Lockheed Q1 profit beats view; budget cuts dampen sales outlook
* Q1 net $761 mln vs $660 mln expected by analysts
* Full year revenues seen at low end of January guidance
* Cash from operations totalled $2.1 bln
WASHINGTON, April 23 (Reuters) - Lockheed Martin Corp , the Pentagon's biggest weapons supplier, reported a better-than-expected 14.8 percent increase in net income for the first quarter but warned annual revenues were likely to come in at the low end of earlier guidance due to U.S. budget cuts.
It is the first of the big U.S. weapons makers to report first-quarter earnings. Analysts have forecast lower sales and earnings across the sector as U.S. military spending declines after more than a decade of sharp growth.
Lockheed, which builds F-35 fighter jets, Aegis missiles and new coastal warships, said revenues for the full year would be at the low end of the $44.5 billion to $46 billion range forecast in January, with the additional budget cuts seen reducing net sales by about $825 million.
But it maintained its guidance for full-year operating profit and earnings per share.
Helped by a lower tax expenses, first-quarter net profit rose to $761 million, or $2.33 per diluted share, compared to $668 million, or $2.03 a share, a year earlier. Revenues dropped 2 percent to $11.1 billion from $11.3 billion in the year-earlier period.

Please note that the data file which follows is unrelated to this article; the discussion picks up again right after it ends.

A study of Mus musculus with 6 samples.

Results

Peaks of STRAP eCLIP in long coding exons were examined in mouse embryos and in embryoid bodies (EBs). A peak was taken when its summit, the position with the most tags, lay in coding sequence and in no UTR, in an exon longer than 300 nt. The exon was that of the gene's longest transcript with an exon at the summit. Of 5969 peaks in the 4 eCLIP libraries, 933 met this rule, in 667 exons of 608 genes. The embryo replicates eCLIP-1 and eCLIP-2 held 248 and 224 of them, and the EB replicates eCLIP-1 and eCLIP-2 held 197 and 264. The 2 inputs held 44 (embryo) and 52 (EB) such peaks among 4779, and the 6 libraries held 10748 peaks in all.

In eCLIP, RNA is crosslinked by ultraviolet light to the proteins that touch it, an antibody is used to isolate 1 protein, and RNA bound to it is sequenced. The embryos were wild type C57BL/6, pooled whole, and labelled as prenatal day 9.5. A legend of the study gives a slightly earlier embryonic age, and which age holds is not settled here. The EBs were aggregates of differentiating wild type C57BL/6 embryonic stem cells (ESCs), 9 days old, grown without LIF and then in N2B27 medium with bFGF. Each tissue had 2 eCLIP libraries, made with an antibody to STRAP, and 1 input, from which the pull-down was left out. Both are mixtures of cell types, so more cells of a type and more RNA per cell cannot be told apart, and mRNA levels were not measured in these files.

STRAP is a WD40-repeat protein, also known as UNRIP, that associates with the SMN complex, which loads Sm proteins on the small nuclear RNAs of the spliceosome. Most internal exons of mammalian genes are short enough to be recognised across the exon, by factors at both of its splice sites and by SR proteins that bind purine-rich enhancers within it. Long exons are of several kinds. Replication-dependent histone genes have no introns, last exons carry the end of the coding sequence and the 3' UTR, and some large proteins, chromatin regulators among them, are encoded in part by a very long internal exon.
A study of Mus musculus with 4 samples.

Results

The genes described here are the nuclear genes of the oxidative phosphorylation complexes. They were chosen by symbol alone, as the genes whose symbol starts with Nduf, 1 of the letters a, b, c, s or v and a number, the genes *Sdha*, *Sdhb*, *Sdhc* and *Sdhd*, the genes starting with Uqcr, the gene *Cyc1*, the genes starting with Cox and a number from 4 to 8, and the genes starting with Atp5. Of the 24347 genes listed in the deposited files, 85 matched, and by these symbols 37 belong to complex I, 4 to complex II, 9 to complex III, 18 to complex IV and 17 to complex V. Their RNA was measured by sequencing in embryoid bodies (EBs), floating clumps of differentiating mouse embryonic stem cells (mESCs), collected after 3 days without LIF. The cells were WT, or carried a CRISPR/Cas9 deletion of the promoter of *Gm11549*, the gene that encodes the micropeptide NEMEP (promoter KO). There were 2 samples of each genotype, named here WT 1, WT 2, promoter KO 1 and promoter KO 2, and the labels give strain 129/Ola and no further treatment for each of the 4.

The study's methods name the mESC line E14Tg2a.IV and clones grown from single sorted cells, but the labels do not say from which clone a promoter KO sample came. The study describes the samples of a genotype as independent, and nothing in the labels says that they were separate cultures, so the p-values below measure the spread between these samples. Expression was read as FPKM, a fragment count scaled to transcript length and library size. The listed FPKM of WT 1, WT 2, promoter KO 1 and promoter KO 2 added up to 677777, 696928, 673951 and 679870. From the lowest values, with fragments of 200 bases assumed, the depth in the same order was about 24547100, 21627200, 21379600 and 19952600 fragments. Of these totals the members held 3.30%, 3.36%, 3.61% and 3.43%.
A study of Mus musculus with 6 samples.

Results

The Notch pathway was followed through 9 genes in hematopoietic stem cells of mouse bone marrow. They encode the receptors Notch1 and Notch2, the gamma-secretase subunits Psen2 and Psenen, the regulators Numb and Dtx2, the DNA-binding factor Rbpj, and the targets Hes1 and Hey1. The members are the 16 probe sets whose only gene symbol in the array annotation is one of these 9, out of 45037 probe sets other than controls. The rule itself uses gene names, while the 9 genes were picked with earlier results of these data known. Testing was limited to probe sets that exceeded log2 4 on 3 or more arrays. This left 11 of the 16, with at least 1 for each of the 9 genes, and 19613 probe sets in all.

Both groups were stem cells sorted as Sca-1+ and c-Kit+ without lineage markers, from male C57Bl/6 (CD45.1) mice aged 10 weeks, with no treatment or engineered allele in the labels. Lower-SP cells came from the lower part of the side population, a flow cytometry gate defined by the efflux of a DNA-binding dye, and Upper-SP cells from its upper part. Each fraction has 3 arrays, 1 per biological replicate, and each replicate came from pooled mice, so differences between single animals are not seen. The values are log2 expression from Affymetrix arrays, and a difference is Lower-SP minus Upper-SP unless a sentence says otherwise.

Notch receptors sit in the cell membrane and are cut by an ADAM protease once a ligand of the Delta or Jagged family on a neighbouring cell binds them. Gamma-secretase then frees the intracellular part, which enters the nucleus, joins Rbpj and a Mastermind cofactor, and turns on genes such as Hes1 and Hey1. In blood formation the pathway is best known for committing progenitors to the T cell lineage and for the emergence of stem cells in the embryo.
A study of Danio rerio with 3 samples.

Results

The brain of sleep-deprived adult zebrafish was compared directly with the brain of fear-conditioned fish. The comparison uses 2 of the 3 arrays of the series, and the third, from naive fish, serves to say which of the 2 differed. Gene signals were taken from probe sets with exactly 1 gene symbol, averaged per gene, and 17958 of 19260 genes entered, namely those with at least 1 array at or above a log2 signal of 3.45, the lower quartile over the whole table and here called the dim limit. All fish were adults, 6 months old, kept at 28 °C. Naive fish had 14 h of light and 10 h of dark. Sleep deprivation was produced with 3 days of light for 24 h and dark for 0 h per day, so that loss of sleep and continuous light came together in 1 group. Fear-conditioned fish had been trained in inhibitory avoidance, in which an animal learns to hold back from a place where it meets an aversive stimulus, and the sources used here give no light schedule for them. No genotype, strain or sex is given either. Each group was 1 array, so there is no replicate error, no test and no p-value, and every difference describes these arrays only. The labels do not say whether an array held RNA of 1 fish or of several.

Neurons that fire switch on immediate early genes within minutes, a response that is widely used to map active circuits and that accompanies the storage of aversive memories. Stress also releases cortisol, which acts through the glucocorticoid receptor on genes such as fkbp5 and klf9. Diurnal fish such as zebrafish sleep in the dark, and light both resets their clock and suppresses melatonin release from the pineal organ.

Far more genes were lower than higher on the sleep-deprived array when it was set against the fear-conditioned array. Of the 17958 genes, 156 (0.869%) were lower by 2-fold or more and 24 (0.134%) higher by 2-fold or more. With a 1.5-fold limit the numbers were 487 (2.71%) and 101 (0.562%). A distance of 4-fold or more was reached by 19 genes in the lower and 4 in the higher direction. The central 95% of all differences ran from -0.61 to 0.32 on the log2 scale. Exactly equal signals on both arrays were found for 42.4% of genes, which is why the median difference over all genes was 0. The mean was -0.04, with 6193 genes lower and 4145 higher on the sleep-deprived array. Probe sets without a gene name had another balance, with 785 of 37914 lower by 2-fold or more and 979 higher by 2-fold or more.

Analysts polled by Thomson Reuters I/B/E/S had expected a first-quarter profit of $660 million and earnings per share of just $2.04. They had forecast revenues of $10.3 billion.
"While the impact on our business has been limited to date, we continue to work closely with our customers to better understand the future impact sequestration may have on our programs," Lockheed Chief Executive Marillyn Hewson said in a statement.
Lockheed and other arms makers are trying to maintain earnings by cutting overhead and pumping up weapons sales to other countries. Many are also looking for opportunities in other markets outside the defense sector.
Lockheed said its first-quarter earnings were reduced by a non-cash pension adjustment of $121 million, and a special charge of $30 million related to workforce reductions at the company's information systems and global solutions business.
Those items were partially offset by lower income tax expenses given a retroactive reinstatement of a federal research and development tax credit, the company said.
Lockheed said its cash from operations was $2.1 billion, a huge jump from just $458 million in the year-earlier quarter. Lockheed repurchased 5.1 million shares for $461 million in the first quarter, compared to 2.7 million shares for $242 million a year earlier.
The company's revenues rose at three of five business sectors, while earnings dropped at three of the five.
Sales in the biggest division, aeronautics, dropped 14 percent mainly due to lower F-16 deliveries, while sales in the missiles and fire control division rose 13 percent.